Tuesday, July 25, 2017

An Open Letter to Blue Apron

Dear Blue Apron,

I'm a veteran food writer and restaurant critic. My expertise is on the eating end rather than on the cooking end, which probably puts me in synch with many your customers - people who know food, love food, but are more excited about consumption than preparation.

I have two main reasons for using Blue Apron (every once in a while, anyway; most months I cancel most or all deliveries; sorry...I know that makes me your least favorite type of customer):

1. My cooking gets into ruts, and I like to be pushed into using different ingredients and preparations. There's nothing mysterious about a cucumber and radish salad, but it's not something I'd normally imagine making. After preparing it once, it feels like a part of my repertoire (not just an academic possibility).

2. I buy more or less the same versatile groceries each week, and improvise meals by mixing and matching ingredients in clever ways. Not being a cooking hobbyist, I'm uninterested in shopping for specific recipes. Nor do I have room to fill my pantry and fridge with leftover ingredients I'll rarely use. Blue Apron sends just what I need, so there's no shopping or pantry clutter.

I'm not all that indignant about paying $60 for a box containing $25 worth of ingredients. Since I do it seldom, and for the reasons above, and it works out to only $10 per individual meal, the price point isn't killing me.

Here are my complaints:

Drabbly Corporate Recipes
I understand your recipes are developed under many restraints. It's a tough job. But I'd suggest that you pay whatever it costs to get one really talented non-corporate chef in that loop. My taste buds tell me your team is composed of chefs with a corporate background (degrees from culinary school, experience in some "name" hotel or chain whose branding impressed your non-foodie headhunters, etc.). Such chefs are not primarily deliciousness-oriented. They're about getting stuff done to spec. But you need deliciousness, too!

The recipes are usually at least competent....though not always. Your Saffron And Tomato Bucatini directed us to add full-thread saffron by tossing it in to the sauced pasta and stirring for 2-3 minutes, just before serving. That's not how saffron works. It must dissolve and infuse over time. If the injection needs to be quick, at very least you must grind the threads. This is a dumbfounding error and a waste of good saffron. Highly corporate chefs don't have much experience with this spice. You need someone in the loop who can spot and stave off such problems.

I'm not denying that you need "get it done" dweeby corporate chefs in there developing things to spec. But you need a quality assurance stopgap - someone with deep knowledge and passion tweaking and improving. As-is, the recipes are 100% dweeby.

I understand you're not looking to tart things up with esoteric, indulgent arty touches or impractical complexities. But a non-corporate, non efficiency-oriented food expert could catch gaffes and generally polish things.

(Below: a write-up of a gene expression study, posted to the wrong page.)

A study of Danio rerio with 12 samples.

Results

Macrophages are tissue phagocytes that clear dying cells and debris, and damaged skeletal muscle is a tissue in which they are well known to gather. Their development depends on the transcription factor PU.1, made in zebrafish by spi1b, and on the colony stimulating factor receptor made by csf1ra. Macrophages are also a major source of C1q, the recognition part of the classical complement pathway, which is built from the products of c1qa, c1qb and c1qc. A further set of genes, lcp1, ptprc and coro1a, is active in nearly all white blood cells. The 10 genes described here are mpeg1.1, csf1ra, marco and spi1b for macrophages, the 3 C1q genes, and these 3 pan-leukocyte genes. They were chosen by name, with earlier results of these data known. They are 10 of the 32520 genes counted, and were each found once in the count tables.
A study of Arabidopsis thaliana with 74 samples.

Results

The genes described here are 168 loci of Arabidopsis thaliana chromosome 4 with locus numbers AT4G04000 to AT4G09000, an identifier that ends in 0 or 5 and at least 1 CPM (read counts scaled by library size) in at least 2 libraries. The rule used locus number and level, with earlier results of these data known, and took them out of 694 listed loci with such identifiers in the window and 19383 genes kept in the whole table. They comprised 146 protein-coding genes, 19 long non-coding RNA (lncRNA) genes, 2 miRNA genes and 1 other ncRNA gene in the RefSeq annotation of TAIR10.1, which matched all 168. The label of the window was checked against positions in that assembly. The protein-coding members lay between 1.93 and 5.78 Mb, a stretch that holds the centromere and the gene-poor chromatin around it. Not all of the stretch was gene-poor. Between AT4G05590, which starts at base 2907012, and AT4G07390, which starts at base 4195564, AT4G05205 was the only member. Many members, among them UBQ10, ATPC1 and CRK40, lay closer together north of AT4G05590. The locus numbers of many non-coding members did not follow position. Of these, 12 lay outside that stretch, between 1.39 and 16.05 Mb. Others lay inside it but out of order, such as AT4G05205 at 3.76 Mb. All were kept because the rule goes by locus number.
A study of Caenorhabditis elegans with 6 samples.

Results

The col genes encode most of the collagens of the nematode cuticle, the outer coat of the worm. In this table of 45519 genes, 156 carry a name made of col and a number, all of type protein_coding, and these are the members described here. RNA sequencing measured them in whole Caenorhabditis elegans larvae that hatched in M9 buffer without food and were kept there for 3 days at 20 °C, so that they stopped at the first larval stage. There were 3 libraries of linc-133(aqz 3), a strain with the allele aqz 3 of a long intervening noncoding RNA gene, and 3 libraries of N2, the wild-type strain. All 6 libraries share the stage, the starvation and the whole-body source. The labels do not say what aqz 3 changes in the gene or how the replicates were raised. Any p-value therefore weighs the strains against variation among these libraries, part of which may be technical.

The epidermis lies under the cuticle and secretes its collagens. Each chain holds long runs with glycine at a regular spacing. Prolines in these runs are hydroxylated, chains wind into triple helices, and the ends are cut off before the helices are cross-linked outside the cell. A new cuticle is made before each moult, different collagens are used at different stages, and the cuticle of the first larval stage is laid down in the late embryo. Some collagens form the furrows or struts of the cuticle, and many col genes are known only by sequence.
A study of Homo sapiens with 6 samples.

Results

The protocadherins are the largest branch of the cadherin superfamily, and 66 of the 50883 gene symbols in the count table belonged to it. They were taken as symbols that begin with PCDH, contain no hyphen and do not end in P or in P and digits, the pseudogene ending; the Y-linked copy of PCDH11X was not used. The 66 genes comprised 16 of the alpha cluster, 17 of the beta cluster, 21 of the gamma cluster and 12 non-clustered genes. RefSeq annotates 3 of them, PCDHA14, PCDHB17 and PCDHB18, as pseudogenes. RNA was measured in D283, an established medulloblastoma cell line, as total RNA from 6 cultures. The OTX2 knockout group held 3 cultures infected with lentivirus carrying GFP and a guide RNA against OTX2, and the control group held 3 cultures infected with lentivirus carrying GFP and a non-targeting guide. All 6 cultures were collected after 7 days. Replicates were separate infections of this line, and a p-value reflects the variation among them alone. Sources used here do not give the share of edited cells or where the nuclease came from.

And you do need the polish. Your stuff usually more or less "works", and I realize that, alone, is tough under the constrained circumstances. But it's not quite enough.

The Tyranny of Timid Palates
A slight majority of your users probably has timid palettes, but a sizable minority does not. I just made your Caribbean chicken curry, and it flat-lined spice-wise...an absolute zero, insipid as an airline meal. Similarly, you consistently under-portion the garlic. Your users complain about these things bitterly (do you read the comments under your recipes? You should!). Offer heat, but make it optional. Offer extra (i.e. correct) garlic, and make it optional.

Really, I'd go the other way, and let the timid opt out by decreasing quantities. I'm sure you've done market research, but understand while some customers inevitably scream/yell about excess spice, those turned off by blandness will drift away more quietly. Extreme reluctance to offend is a race to the bottom, so you need to consider which segment will be more valuable and loyal in the long term.

Natural filtration (i.e. not trying to please every last person) is a viable biz plan. HBO has a healthy subscription base despite its profanity and nudity. The network TV model - offend no one, ensuring you'll delight no one - is awfully stale in this era, no?

Layered Seasoning
Many of your customers mock your recipes for calling for salting/peppering to taste after every single step. It's true that good chefs "layer" their seasoning, to ensure a professional and consistent result. But for those unaccustomed to such layering, it's difficult to avoid under or over-seasoning. Either forego the layering approach, or else stipulate quantities (those who like things more/less salty or peppery can easily add/subtract).

It's 2017. People are eating healthy. I don't believe I've ever seen a full vegetable serving from you - not even in your veg meals. Cucumber salad is not a fully nutritious vegetable portion, nor is an ear of corn, nor the tomatoes in that bucatini. We need green leafy things, cabbagey things (e.g. brussel's sprouts) carrots, cauliflower, broccoli, etc. If I need to cook that stuff on my own, you're not providing a full meal.